The European pension supervisor’s attempts to account for pension protection vehicles in its new holistic balance sheet (HBS) puts it at odds with current UK law, Eversheds has warned.
Francois Barker, head of pensions at the law firm, told IPE he welcomed the European Insurance and Occupational Pensions Authority’s (EIOPA) new consultation on the HBS, as it accepted that a ‘one-size-fits-all’ approach to valuation was not always possible.
However, he said some “oddities” remained within the six potential balance sheets outlined in the paper, particularly those that allowed pension funds to use the existence of a pension protection vehicle – such as the UK’s Pension Protection Fund (PPF) or the German Pensions-Sicherungs-Verein – as a way of addressing any funding shortfall.
“In terms of factoring in the pension protection schemes, the HBS would potentially put EIOPA in conflict with UK law that says you’re not really supposed to take account, as a trustee, of pension protection schemes in the background,” he said.
“If EIOPA, and by extension the Commission, come out and say you do have to factor in a pension protection mechanism as part of the HBS, that will create an interesting tension.”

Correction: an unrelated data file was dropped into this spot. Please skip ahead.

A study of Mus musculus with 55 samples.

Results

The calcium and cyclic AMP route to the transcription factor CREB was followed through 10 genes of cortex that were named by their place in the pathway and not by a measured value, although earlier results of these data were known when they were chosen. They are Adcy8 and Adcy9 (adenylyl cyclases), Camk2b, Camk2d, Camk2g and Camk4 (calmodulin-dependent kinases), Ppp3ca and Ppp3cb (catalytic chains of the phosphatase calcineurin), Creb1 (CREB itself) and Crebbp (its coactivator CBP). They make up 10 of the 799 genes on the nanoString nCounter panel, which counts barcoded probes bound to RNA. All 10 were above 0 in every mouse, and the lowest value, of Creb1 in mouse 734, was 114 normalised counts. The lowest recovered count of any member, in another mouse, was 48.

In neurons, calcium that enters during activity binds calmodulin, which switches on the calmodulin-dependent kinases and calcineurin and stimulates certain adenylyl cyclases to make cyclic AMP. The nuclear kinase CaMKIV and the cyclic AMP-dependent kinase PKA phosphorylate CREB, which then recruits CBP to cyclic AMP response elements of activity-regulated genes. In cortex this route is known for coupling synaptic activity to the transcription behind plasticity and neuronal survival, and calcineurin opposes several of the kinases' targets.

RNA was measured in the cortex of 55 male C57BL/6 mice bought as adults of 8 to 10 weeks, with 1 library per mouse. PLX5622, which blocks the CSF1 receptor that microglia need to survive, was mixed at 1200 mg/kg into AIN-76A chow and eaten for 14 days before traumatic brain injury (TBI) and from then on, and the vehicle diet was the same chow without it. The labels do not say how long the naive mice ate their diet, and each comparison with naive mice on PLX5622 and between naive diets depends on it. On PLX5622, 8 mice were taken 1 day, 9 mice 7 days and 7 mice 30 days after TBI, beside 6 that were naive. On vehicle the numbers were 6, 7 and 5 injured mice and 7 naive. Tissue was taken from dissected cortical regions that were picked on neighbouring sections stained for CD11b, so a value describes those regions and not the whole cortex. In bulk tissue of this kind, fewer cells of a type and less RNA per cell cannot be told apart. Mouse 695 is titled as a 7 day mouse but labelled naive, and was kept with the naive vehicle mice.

The UK government granted the Pensions Regulator (TPR) the power to issue contribution notices and financial support directions in instances where a company ignores or fails to adequately fund defined benefit (DB) schemes.
This allowed the regulator to address the moral hazard of sponsors purposely letting underfunded schemes fall into the PPF.
Barker also raised concerns about the potential inclusion of sponsor support that could not be legally enforced – unlike the UK practice of parent company guarantees to fund deficits.
Several of the HBS proposals put forward by EIOPA considered how the legally unenforceable support could be included within the balance sheet.
The consultation concluded that it would have “little loss-absorbing capability” and could not be used a balancing item were solvency capital requirements (SCR) to be introduced, although such proposals were only part of the now-abandoned pillar I proposals of the revised IORP Directive.
Barker said the inclusion of legally unenforceable sponsor support would be “in conflict” with TPR’s previous pronouncements that trustees could only “count covenant support as having value if it’s legally enforceable”.
Despite welcoming EIOPA’s recognition within the new consultation paper of the “variety of jurisdictions” it oversees, Barker was nonetheless cautious about the process.
“There are risks in here, not just for the UK but any DB jurisdiction,” he said.
“That the insurance company methodology is even being given house room as a possibility – it’s only one of six – is a warning flag, and we should all react to it.”
Other UK commentators have previously welcomed the “pragmatic” approach displayed by EIOPA, but warned that they did not want to underplay the risk.